11 May 2023

About 600 First Nations artefacts unearthed at site of new Eurobodalla hospital

| Albert McKnight

Yuin elders and community members at the site of what will become the Eurobodalla Regional Hospital. Photo: NSW Health Infrastructure.

About 600 artefacts belonging to First Nations people have been unearthed during the works for the new Eurobodalla Regional Hospital.

The artefacts include stone tools and were found during the archaeological works at the hospital’s site in Moruya on the cultural lands of Brinja Yuin.

NSW Health Infrastructure said the project team and archaeologists will work with registered Aboriginal parties to determine what to do with the discovered items.

“The discovery of the artefacts shows clear evidence that our people lived and raised their families here,” Brinja Yuin/Gadu Elder Maureen Davis said.

“They travelled along this section of the land, taking in the sea coast south of the Moruya River to the Wagonga River at Kianga, extending some five miles inland across the landscape.”

One of the many artefacts discovered at the site of the future Eurobodalla Regional Hospital. Photo: NSW Health Infrastructure.

The archaeological work at the site is expected to be completed by the end of May.

Ashleigh Keevers-Eastman, the senior heritage consultant at the environmental consultancy firm Biosis, said four members of her team and eight First Nations site and cultural officers have been working at the salvage site each day.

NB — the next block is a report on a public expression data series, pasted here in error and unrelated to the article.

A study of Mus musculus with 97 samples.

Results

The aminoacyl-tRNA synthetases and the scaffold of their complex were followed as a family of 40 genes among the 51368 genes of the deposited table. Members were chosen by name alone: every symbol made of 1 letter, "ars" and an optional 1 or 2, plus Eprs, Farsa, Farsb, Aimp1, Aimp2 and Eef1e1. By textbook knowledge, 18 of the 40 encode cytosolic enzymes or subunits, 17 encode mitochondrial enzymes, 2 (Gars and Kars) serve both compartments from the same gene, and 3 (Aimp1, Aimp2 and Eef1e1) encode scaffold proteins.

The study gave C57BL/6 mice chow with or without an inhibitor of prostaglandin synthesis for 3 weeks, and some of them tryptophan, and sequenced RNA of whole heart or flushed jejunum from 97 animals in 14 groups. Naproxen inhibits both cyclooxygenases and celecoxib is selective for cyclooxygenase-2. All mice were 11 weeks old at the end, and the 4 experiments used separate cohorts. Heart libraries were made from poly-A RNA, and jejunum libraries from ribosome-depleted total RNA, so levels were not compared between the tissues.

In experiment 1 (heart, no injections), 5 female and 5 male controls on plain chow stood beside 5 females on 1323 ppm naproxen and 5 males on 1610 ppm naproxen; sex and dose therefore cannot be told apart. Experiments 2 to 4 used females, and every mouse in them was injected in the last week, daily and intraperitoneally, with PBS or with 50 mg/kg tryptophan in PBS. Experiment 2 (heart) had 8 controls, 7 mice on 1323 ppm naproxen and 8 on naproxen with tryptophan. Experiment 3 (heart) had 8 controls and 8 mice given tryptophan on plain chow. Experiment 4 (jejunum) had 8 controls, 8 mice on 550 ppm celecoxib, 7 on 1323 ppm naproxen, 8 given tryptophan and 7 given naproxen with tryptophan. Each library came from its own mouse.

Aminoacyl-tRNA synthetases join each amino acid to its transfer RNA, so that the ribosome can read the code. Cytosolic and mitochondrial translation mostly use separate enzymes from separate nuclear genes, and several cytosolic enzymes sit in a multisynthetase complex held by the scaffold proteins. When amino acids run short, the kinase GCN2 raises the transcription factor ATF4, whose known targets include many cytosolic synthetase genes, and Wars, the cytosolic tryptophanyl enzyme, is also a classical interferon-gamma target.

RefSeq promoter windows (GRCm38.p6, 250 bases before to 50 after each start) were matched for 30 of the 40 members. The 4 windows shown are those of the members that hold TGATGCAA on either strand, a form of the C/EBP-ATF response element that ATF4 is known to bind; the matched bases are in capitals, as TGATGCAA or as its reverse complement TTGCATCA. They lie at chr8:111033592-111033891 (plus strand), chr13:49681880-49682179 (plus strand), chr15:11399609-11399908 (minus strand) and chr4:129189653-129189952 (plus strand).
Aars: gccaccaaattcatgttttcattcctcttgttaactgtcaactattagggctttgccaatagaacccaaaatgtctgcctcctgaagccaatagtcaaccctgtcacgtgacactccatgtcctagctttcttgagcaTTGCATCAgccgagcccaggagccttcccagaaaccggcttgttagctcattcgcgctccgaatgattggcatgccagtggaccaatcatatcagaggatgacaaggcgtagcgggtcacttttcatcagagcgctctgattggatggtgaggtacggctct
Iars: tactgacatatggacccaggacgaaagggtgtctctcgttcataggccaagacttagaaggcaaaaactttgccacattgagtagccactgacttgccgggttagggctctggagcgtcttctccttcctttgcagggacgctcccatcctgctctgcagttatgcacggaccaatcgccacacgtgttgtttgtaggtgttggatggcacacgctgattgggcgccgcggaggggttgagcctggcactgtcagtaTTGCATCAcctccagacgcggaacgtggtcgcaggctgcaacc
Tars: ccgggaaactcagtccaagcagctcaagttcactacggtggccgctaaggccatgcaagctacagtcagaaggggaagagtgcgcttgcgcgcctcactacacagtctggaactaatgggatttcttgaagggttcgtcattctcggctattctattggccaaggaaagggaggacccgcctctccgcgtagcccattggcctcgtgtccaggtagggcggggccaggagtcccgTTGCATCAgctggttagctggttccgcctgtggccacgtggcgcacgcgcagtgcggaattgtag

“To date, we’ve discovered hundreds of culturally significant items, including many stone tools, which shows how Aboriginal people lived and worked on this land thousands of years ago.”

The First Nations community from across the Eurobodalla recently attended a special gathering on site to hear from heritage consultants, Biosis and Brinja Yuin original custodians about the work and the early discoveries.

A yarning session took place at the site of the Eurobodalla Regional Hospital on the cultural lands of Brinja Yuin. Photo: NSW Health Infrastructure.

“Traditional owners and elders along with the Cobowra Local Aboriginal Land Council and other registered Aboriginal parties have been working closely with the archaeologists as part of the excavation process to identify artefacts and share their cultural knowledge,” Health Infrastructure executive director of regional and rural projects Amanda Bock said.

“Listening and collaborating with the local Aboriginal community as we uncover these items has provided a wonderful opportunity to understand and learn more about the region’s rich cultural history. We are grateful for their generosity in giving their time and sharing their culture and stories.”


“For millennia, Aboriginal people managed the land through cultural burning – it was one of our farming and land management practices to care for country,” Walbunja Elder Bunja Smith said at the time.

“Cleansing the land is an integral part of connection with country and restores and rejuvenates the land spiritually.”

A cultural burn at the site of the future Eurobodalla Regional Hospital in September 2022. Photo: NSW Health Infrastructure.

The $260 million Eurobodalla Regional Hospital’s construction is expected to be completed in 2025 and will be opened with Level 4 capacity.

Earlier this month, it was announced that global construction company Multiplex had been appointed to finalise plans for the hospital.

The hospital aims to support the entire Eurobodalla Shire, from Narooma to Batemans Bay, and will be larger than both Moruya and Batemans Bay hospitals combined, the NSW Government says.

Among its features are an emergency department, an eight-bed intensive care unit, increased capacity for chemotherapy treatments and increased access to renal dialysis, mental health beds, expanded medical imaging, as well as paediatric and maternity services.